Foreign languages and democracy — where is the connection here?
On June 6, the citizens of Hampden, Frankfort, Newburgh and Winterport had an opportunity to make changes to Regional School Unit 22’s proposed budget for fiscal year 2013-14 at a district budget meeting. It was a painful 3-hour process, filled with emotion and sometimes confusion. It truly illustrated the saying: “Democracy is the worst form of government – with the exception of all others.”
As an immigrant from Germany and a naturalized citizen I am aware of what not having such a form of government can do (such as 60 million people perishing in an abyss of persecution, genocide, war and anarchy between 1939 and 1945, caused in large part by totalitarian regimes including my home country). So I am thankful for this painful, emotional, confusing and sometimes nerve-wracking process called democracy.
After two hours of a slug fest that led to restoring more than $142,000 for “regular instruction” (read: two teacher positions), to restore the funds needed in social science, English and math, a second motion to add about $85,000 to restore 1.5 teachers in foreign languages was defeated 57-55. This means that most likely foreign languages will not be taught at the middle school level — Reeds Brook Middle School in Hampden and Samuel L. Wagner Middle School in Winterport — next fiscal year.
This is wrong on so many levels that it could fill a book. First, research shows that students learn languages better, faster and more naturally at a younger age. English was introduced in fifth grade in my school and a second foreign language in seventh grade. By the time I graduated in 1982, foreign languages were being introduced in many schools at the third- or first-grade level, with third and fourth languages introduced before high school. Competitiveness and preparation for a global marketplace is the main issue here, but there is so much more.
Learning a foreign language inherently means learning a foreign culture and thereby building a bridge to that culture. After World War II, under the leadership of German Chancellor Konrad Adenauer and Charles de Gaulle of France, a massive student exchange program was created, sending tens of thousands of students back and forth to make sure a new generation would grow up without considering the other country to be its “inherited enemy.” Germany fought three major, devastating wars with France in a time-span of 75 years (1870 – 1945), but now we have a common currency, a peaceful border that only exists on a map and even a joined armed forces corps that is integrated into NATO.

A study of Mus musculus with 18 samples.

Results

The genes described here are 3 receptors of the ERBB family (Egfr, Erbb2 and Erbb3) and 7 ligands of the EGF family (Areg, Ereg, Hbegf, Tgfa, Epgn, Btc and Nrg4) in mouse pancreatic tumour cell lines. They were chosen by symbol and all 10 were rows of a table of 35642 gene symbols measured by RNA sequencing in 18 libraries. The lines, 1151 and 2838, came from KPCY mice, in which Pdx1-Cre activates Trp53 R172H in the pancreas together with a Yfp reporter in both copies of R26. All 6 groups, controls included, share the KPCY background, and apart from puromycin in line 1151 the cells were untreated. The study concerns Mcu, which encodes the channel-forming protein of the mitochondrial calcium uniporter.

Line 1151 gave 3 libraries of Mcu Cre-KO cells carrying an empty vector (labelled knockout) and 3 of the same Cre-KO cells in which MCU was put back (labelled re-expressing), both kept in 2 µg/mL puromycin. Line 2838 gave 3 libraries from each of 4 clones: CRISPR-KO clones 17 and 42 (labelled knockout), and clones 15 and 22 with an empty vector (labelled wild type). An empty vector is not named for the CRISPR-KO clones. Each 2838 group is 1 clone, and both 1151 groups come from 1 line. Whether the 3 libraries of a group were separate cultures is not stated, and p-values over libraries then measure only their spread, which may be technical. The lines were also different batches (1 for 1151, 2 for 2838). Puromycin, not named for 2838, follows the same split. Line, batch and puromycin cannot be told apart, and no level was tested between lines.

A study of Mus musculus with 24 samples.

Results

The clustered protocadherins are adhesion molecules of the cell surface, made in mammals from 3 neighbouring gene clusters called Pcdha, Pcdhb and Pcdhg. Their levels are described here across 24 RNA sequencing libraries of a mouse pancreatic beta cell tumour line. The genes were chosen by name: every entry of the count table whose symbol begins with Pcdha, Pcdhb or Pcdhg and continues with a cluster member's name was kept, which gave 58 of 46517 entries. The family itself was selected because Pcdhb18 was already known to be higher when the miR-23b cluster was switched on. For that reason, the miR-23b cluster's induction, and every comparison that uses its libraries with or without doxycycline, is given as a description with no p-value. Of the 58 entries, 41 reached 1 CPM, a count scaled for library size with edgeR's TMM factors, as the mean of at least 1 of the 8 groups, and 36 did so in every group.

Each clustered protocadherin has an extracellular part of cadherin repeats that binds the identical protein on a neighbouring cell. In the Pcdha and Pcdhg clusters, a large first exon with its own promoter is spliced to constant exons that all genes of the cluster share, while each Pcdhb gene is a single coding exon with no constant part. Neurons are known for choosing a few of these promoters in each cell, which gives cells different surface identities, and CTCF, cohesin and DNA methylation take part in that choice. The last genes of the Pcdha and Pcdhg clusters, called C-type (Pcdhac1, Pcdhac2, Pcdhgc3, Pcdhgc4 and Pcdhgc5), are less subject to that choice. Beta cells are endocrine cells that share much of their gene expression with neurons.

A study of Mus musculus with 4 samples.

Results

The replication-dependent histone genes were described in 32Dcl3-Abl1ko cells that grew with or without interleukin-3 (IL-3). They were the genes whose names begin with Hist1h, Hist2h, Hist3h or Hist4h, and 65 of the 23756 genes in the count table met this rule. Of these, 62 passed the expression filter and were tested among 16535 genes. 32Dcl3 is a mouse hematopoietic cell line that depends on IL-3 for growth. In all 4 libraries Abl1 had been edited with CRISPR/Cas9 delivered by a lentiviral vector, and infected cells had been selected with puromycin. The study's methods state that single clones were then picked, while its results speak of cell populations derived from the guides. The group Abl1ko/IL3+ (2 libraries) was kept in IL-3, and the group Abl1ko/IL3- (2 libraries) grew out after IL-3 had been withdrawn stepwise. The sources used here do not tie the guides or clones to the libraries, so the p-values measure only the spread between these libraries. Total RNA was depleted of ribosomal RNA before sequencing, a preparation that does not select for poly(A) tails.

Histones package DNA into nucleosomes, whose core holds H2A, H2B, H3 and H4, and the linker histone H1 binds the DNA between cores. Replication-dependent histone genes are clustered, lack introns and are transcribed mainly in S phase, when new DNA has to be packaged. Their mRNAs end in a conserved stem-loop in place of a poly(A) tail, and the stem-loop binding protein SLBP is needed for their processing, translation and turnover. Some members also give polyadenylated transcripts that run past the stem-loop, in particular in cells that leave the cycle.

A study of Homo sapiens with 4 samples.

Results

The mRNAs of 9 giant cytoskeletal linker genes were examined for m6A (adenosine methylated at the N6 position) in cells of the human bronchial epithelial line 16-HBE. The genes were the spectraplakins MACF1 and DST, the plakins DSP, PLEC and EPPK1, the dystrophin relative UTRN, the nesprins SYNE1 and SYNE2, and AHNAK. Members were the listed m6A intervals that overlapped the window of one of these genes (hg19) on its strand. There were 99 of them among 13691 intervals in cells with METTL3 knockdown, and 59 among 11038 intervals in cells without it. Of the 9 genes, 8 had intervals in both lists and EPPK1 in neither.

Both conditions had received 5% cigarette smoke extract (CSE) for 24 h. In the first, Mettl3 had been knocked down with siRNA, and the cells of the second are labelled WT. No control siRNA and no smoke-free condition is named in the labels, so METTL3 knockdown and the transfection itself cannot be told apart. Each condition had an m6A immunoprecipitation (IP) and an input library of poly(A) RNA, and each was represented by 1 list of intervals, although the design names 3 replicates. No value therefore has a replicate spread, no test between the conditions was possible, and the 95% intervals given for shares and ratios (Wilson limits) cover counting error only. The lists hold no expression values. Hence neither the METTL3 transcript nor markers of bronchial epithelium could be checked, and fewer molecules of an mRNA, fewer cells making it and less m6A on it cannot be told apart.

For us here in Maine, this first bridge is often the one to our French-speaking Canadian neighbors that live a mere three hours away. That bridge building, for now, is off the table in a school system that is otherwise remarkable and strives to be a leader in the state. Some school principals and administrators voted against cutting foreign languages, but others are understandably conflicted: They are taxpayers, too, and may have reached their limit as far as property taxes.
But there is hope: The democratic process does not end here. Voters may defeat the proposed budget at next Tuesday’s referendum. The process continues in that case. If the budget receives approval, part of the restored funds could be used for a foreign language program. That is up to the school board. Anticipated government funding could be more than expected, and those funds could be allocated as well.
Certainly, the narrow defeat shows what should be at the top of the list of programs to restore as soon as possible. This also provides an opportunity to retool the foreign language program in order to return it with the funding, power and quality it deserves.
There is more hope: As a foreign-born immigrant and now citizen, I am painfully aware of lesser town government alternatives. The fact that you can inform yourself fully, attend meetings, be part of the process and make motions to change proposals that derive from due process is something to celebrate. It makes me proud to be a citizen of this country that I have chosen to make my home. So even a defeat can feel good, despite the pain.
Still, worries remain. We don’t want to see our students fall further behind their international peers, miss exposure to foreign cultures, and with that, miss opportunities for further peacemaking in our time.
Peter Witt is the president of an international construction equipment company in Bangor and a resident of Hampden. A naturalized U.S.-citizen from Germany, Witt is also a volunteer on the board of directors of the MSAD 22 Education Foundation, an independent, philanthropic organization partnering with the school district. He may be reached at firstname.lastname@example.org.